Ramucirumab and erlotinib as a first-line treatment for epidermal growth factor receptor mutation-positive non-small lung cancer improved progression-free survival compared with standard-of-care treatment with erlotinib and placebo, according to recent research.
“Treatment with CYRAMZA [ramucirumab] plus erlotinib demonstrated a statistically significant and clinically meaningful improvement in the time patients lived without their cancer growing or spreading after starting treatment, compared to erlotinib alone,” Kazuhiko Nakagawa, MD, PhD, from Kindai University Hospital in Osaka, Japan, said in an interview with MD /alert.
Photo by ASCO
Nakagawa and colleagues recently presented results from the phase 3, double-blinded, randomized RELAY study at the ASCO meeting in Chicago. The RELAY study analyzed erlotinib (ERL), an epidermal growth factor receptor mutation-positive (EGFRm) tyrosine kinase inhibitor (TKI), together with ramucirumab (RAM), a human immunoglobulin G1 vascular endothelial growth factor receptor-2 antagonist, and placebo in patients with EGFRm non-small cell lung cancer (NSCLC).
“At the time of the RELAY study design (2014/2015), several preclinical studies had shown that the vascular endothelial growth factor (VEGF)/VEGF receptor and EGFR pathways were interrelated,” Nakagawa said in the interview. “These studies suggested that dual blockade of the VEGF and EGFR pathways would be more effective than either approach alone and could also have activity in tumors with acquired resistance to EGFR inhibitors.”
Patients were included in the study if they had untreated metastatic NSCLC consisting of EGFR mutation Exon 19 deletion, L858R mutation and central nervous system (CNS) metastasis. There were 449 patients enrolled who were randomized to receive ERL at a dose of 150 mg per day and RAM at 10 mg/kg every 2 weeks, or ERL alone in combination with placebo. The researchers noted the randomization was grouped based on gender, geographic region (East Asian vs. other regions), type of EGFRm (Ex19del vs. L858R mutation) and method of EGFR testing. The cohort consisted of 77% patients from Asia, 63% women, and 54% with an Exon 19 deletion. While the primary outcome was progression-free survival (PFS), duration of response, overall response rate (ORR), progression after next line of therapy (PFS2), overall survival, safety and plasma T790M mutation were also studied as secondary outcomes.
Median PFS in the RAM and ERL group was significantly higher at 19.4 months compared with 12.4 months in the group that received ERL and placebo (hazard ratio, 0.591; 95% confidence interval, 0.461-0.760; P < .0001). Duration of response (median 18.0 months vs. 11.1 months; HR, 0.619; 95% CI, 0.477-0.805) and PFS2 (median follow-up not reached; HR, 0.69; 95% CI, 0.490-0.972) were also significantly prolonged in the RAM and ERL group compared to the group that received ERL with placebo.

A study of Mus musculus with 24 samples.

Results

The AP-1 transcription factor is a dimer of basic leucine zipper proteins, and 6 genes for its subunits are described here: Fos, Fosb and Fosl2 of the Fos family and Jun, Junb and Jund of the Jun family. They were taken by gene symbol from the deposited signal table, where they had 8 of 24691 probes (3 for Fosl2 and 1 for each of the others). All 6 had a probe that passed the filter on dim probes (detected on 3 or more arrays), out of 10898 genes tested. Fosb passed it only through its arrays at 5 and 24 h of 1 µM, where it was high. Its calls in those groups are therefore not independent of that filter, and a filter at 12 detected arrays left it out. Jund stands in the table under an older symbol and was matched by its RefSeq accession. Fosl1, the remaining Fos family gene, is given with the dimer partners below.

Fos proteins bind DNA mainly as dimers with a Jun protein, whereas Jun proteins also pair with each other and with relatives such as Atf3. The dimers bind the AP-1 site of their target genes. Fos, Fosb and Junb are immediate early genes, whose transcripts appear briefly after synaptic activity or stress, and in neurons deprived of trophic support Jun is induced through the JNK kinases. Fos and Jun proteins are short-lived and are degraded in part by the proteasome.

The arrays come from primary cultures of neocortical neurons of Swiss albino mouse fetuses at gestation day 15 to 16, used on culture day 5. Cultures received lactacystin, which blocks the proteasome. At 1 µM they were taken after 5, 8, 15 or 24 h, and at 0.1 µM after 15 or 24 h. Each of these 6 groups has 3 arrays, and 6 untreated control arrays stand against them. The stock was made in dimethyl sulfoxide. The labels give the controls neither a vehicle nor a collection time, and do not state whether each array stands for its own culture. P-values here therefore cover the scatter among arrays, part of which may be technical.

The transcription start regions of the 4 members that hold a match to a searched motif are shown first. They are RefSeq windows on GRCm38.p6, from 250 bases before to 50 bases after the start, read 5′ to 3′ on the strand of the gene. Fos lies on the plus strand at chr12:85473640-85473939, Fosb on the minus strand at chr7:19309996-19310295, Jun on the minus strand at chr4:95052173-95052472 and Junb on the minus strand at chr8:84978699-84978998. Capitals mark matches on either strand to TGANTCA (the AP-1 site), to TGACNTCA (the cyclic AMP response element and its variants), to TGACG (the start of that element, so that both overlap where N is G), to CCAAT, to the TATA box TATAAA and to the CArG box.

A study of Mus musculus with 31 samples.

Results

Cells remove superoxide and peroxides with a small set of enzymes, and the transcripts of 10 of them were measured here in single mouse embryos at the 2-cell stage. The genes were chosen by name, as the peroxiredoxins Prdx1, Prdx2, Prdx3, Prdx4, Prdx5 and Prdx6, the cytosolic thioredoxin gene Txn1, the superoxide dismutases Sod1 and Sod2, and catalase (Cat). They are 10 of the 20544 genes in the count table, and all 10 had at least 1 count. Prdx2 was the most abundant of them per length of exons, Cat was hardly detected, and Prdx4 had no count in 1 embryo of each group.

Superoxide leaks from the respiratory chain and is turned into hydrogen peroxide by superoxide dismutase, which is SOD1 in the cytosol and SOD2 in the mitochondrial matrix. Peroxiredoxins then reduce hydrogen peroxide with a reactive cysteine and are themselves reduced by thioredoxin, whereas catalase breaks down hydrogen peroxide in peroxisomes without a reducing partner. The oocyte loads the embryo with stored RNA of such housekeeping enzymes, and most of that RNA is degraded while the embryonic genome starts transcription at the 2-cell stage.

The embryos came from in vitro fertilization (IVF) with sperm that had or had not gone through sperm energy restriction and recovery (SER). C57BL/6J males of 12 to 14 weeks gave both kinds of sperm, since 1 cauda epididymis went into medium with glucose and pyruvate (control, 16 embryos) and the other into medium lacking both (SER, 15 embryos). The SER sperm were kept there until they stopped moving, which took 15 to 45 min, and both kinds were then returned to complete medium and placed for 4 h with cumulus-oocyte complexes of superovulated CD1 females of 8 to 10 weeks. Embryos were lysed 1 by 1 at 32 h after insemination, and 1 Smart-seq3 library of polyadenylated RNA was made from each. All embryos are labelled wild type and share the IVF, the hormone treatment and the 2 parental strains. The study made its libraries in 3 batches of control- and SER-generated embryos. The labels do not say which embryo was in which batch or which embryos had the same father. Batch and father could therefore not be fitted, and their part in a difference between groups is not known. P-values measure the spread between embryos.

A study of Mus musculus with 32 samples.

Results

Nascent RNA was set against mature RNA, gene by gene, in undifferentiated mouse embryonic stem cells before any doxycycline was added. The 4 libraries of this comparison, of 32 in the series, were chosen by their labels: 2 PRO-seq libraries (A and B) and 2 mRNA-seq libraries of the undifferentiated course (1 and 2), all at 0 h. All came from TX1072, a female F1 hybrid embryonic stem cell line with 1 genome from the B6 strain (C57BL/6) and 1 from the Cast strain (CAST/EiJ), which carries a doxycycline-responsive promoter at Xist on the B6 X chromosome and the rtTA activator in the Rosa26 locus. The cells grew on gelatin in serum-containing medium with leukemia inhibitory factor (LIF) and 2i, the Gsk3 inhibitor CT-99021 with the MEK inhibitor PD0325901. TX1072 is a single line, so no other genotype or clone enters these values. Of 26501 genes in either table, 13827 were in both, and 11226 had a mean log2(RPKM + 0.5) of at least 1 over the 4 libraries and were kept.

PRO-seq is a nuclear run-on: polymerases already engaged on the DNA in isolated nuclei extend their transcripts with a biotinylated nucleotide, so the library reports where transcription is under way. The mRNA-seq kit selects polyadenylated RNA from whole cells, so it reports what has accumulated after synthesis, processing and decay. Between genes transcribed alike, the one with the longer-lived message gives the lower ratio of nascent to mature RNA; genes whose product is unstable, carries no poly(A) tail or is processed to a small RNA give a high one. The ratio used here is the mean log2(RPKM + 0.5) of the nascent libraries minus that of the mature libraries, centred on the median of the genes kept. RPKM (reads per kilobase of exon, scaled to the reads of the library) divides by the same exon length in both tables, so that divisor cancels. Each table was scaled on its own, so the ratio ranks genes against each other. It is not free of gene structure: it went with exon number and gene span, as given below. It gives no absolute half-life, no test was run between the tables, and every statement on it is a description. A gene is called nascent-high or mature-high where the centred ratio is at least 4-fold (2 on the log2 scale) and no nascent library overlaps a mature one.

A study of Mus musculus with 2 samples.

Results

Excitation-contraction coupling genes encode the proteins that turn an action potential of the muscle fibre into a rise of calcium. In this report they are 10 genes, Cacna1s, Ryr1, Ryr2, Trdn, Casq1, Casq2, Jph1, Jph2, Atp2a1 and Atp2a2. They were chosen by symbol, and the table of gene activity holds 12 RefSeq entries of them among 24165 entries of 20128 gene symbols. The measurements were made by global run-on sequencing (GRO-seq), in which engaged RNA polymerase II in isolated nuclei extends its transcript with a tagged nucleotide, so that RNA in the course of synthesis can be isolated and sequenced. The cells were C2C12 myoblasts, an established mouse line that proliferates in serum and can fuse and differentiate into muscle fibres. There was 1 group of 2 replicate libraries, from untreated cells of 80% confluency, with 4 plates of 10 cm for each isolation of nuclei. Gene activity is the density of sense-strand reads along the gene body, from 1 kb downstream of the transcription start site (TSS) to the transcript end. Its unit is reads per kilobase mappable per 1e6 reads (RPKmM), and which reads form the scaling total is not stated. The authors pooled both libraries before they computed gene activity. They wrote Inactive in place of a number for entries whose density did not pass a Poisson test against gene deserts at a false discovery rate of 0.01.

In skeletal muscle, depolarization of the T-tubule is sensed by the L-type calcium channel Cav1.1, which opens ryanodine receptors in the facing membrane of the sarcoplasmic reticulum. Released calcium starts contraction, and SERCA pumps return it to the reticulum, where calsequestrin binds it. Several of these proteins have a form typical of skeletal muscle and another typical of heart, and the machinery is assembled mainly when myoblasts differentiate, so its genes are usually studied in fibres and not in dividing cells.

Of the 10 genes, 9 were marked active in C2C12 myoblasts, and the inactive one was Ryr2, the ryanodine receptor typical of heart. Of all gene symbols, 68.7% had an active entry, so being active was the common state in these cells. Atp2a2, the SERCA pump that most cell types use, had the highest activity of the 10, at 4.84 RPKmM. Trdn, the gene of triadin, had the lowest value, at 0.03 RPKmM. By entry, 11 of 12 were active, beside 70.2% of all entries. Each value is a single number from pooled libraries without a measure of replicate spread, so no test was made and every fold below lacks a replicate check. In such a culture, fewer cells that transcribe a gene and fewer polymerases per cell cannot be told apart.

Researchers also discussed results of which patients developed the EGFR T790M mutation, which was an exclusion criterium for the study. “The most common mechanism of resistance to 1st and 2nd generation EGFR TKIs is acquisition of the EGFR T790M mutation,” said Dr. Nakagawa.
They found that there was a similar rate of treatment-emergent EGFR T790M mutation, between both groups (43% vs. 47%, P = .849). “These data suggest that the addition of ramucirumab to erlotinib does not alter the T790M resistance mechanism pathway and that subsequent treatment with an T790M targeting agent (like osimertinib) may remain a viable therapeutic option as next-line therapy,” Nakagawa said.
With regard to adverse events, patients who received RAM and ERL had a higher rate of grade 3 or higher treatment emergent adverse events (TEAE) at 72% compared with the placebo group, and these events were related to hypertension (24% vs. 5%). The researchers noted the safety profile of combination RAM and ERL was “consistent with the established safety profiles of the individual compounds.”
“Based on the totality of the data, the RELAY regimen is a new treatment option for the initial treatment of metastatic EGFR-mutated NSCLC patients,” once regulatory approved, Nakagawa concluded.